I never saw/heard of one.
.. its actually multi-purpose ... it has a narrow square back for a max 5hp motor ... and 3 seats ... so it can be paddled ... but it also has a pair of oarlocks for the center seat.
the ID tag says its made by the Sawyer Canoe Co from Oscoda MI ... called a "Huntsman 16"
I am going to try to get a test paddle in it ... (neighbors have had it for 4 years - from a relative) and never had it in the water.
I am wondering how it handles in the water .. particulalry how fast it goes when rowed .. somehow it seems like it would be real fast .. it would seem to be a much more efficient hull than any rowboat.
Anybody have any experience in such a thing ?
Old Town 133
I had an Old Town Discovery 133 that was set up for rowing with a center seat and holes for oarlocks at the factory.
It weighed about 80# and was 42" wide. I found I could row much faster than I could paddle by myself, especially on a windy day, but it was faster with two paddling than one rowing.
I bought it to take the wife and two boys fishing. The stability was great when I was first trying to get them used to the idea of being on the water.
Not a bad arrangement at all. I would probably still have it except for the weight.
…, the Spring Creek Outfitters site, sells a variety of rowing adaptations. I’m thinking about getting one-only drawback is not seeing ahead without craning around. The Real Paddling Purists probably don’t like the idea.
You’re absolutely right … canoes are the fastest, cheapest, easiest to-live-with rowboats around. Comfort, durability and performance is all in how you outfit them … as the basic concept is very sound. Use lightweight spoon blade oars pivoting in sockets mounted to the outwales. Throw in a small beanbag for a comfortable center seat and get ready to cover large distances at 4-6 mph (nice low center of gravity makes it all very secure in rough water). Old Town sockets bolt onto Wenonah vinyl gunwales perfectly … making a 16 foot Adirondack or 17 foot Spirit a robust, versatile boat that can travel very efficiently (rowing effort seems easier because it’s symmetrical, i.e. requiring less torso work). Width above the waterline is an advantage for better oar leverage … so look for flare, not tumblehome when choosing canoes to adapt. Shawn
Over the years
My brother and I finnally got my father into a Kayak from his years of “if I can’t turn a key I’m not going” attitude. Part of the process turned out to be a 16’ Pelican square back with three seats. It is the best thing in the world to be on the water with… as long as you don’t have to carry it or paddle it for a long distance. If you have a small outboard and children its suitable as its stable (bomproof was what one person called it) as can be. It is a slug in the water and your arms will fall off before a whole day of hard paddling. If there is any hint of wind it will make tracking hard.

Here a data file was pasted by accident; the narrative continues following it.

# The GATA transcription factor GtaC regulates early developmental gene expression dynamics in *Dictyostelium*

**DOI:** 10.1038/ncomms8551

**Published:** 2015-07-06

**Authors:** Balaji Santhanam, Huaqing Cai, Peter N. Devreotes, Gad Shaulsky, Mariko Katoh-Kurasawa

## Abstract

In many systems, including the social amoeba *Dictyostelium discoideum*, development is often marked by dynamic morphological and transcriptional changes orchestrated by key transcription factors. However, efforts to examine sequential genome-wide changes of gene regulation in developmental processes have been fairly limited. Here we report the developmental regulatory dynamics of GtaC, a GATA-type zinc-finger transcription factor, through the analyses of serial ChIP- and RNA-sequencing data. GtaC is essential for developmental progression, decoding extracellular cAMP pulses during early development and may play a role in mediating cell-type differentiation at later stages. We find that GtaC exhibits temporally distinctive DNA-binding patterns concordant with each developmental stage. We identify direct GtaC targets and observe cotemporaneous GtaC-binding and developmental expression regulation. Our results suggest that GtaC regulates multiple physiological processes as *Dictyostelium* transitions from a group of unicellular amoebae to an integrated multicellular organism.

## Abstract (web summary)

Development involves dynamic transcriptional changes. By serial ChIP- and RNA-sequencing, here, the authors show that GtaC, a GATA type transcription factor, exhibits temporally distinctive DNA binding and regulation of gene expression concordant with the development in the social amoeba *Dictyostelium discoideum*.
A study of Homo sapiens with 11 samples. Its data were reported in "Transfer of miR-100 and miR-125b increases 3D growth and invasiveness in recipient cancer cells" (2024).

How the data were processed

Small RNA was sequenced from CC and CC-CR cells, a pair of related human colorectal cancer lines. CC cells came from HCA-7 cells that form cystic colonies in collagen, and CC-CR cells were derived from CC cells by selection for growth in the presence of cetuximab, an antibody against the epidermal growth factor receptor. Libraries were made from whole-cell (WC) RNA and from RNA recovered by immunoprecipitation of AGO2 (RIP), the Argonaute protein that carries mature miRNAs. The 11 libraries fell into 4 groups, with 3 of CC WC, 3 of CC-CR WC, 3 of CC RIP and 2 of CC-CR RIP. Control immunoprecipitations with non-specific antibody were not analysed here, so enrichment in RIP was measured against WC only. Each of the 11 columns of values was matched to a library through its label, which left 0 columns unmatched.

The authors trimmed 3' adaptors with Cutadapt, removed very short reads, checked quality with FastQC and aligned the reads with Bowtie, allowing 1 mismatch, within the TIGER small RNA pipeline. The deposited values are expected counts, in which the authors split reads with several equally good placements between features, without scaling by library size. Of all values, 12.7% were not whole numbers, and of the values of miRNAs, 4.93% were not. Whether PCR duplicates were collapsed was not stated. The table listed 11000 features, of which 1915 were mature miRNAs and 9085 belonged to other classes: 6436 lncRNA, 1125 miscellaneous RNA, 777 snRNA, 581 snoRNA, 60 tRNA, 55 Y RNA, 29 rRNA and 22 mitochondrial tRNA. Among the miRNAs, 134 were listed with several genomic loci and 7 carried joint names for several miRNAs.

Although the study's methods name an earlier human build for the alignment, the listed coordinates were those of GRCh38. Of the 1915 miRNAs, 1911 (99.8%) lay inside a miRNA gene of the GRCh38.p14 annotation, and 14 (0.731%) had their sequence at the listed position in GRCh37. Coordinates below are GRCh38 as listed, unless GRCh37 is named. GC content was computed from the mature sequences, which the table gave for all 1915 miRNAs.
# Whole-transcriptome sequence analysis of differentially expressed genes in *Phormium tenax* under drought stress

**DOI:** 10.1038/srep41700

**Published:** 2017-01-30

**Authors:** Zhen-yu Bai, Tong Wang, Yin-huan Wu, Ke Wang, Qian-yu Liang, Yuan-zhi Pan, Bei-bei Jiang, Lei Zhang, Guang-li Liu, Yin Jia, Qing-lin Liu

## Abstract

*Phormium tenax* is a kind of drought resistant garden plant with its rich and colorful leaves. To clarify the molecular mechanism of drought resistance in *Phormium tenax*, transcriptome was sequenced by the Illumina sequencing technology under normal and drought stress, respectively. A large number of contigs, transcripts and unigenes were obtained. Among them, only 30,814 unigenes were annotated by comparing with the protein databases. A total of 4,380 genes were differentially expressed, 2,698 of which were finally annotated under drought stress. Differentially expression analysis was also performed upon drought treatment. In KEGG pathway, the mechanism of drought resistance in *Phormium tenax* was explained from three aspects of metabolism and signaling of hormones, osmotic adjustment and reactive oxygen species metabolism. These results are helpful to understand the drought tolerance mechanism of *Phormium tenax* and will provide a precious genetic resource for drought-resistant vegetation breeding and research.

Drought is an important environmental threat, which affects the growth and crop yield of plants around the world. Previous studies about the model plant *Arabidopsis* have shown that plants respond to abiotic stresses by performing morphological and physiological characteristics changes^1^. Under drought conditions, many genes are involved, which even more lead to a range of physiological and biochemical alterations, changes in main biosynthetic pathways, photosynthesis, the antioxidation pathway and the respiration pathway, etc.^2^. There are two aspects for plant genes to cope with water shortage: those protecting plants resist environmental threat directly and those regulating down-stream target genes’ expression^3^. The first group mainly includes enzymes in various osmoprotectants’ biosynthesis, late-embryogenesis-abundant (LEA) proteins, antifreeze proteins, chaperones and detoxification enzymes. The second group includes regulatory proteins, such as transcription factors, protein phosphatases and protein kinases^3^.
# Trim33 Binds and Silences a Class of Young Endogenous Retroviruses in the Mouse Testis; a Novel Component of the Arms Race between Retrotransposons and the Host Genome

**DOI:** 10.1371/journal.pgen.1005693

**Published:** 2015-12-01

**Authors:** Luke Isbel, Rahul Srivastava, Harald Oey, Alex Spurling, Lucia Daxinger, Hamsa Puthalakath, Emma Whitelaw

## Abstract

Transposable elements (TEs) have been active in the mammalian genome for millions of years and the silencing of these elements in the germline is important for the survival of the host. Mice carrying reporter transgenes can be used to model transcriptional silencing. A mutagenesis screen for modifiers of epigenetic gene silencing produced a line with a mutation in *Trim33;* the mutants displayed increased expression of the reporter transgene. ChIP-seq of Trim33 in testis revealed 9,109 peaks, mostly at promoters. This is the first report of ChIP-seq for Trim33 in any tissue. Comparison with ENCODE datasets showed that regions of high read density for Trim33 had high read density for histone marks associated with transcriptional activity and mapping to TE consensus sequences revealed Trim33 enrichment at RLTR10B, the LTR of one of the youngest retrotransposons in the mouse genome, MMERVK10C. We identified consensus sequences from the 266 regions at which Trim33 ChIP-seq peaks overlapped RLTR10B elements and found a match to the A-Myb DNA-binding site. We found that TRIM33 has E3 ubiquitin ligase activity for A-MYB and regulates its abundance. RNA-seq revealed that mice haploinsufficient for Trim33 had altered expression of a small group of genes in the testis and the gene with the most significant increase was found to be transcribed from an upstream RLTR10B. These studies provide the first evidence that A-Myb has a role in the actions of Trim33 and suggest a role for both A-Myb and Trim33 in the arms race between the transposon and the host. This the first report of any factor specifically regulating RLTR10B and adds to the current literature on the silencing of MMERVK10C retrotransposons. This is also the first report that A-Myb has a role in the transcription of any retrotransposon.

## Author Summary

Row your canoe
It’s really very easy. Old Town used to make the Discovery 160K, 40 in. wide, two sets of oarlocks for the 16 foot length, plus three cane seats. I kick myself in the bottom for selling mine. Price is about $800, but OT has given them a new name and a camo paint job. Here’s the link: http://oldtowncanoe.com/canoes_predator.php#C160
Grumman used to sell and add-on rowing rig for their aluminum battleships.
In my youth I codged up a crude immiation of one out of 2 x 4’s and bolted it to the gunnals of our 17’ Grumman.
It worked great. Way faster than paddling tandem.
My father used to use it all the time for fishing. He may even still have it laying around in the shed.
So…are they faster than a fast kayak?
Why do I always want to know “whats faster” ?
Is there such a thing as a fast ‘rowing canoe’ that will smoke a fast kayak ?
If you consider a fast kayak to “cruise” (not sprint) at between 4.5 to 5.5 knots (6076 ft/hr) … or between 5.2 to 6.3 mph … then YES … most efficient canoes (composite) that are at least 16 feet (and have less than 2" rocker) can easily reach and maintain these speeds if rowed from a fixed seat with 6-7 foot spoon-bladed oars pinned in sockets affixed outside of the gunwales that span at least 34 inches (wider equals more leverage). “Lean” 17-18 foot canoes (i.e. Wenonah touring hulls) actually make it quite easy if the rowing station is set up to optimize good stoke dynamics. Beyond 6.5 mph, all kinds of human powered boating becomes severely limited by technique and breathing (O2 Max) capabilities of the “driver” … but up to about 6.5 mph, the mechanical advantages of rowing propulsion allows even an “average” person to drive a fairly modest (non-racing) hull relatively fast (5-6 mph) without their technique quickly deteriorating because of fatigue (torso, arms, etc.). For specific example … a Spirit II (Wenonah) if well set up for rowing … could maintain 5.0 to 6.0 mph over a few miles … cruising, not racing !!!
Surprising that no one mentions Voartex
which is the most serious and effective rowing rig ready to install in canoes. Sliding seat, wide outriggers, spoon blades. Just don’t put it in a short boat; you need at least 17 feet, preferably 18.5 to allow a Voartex to show its full potential.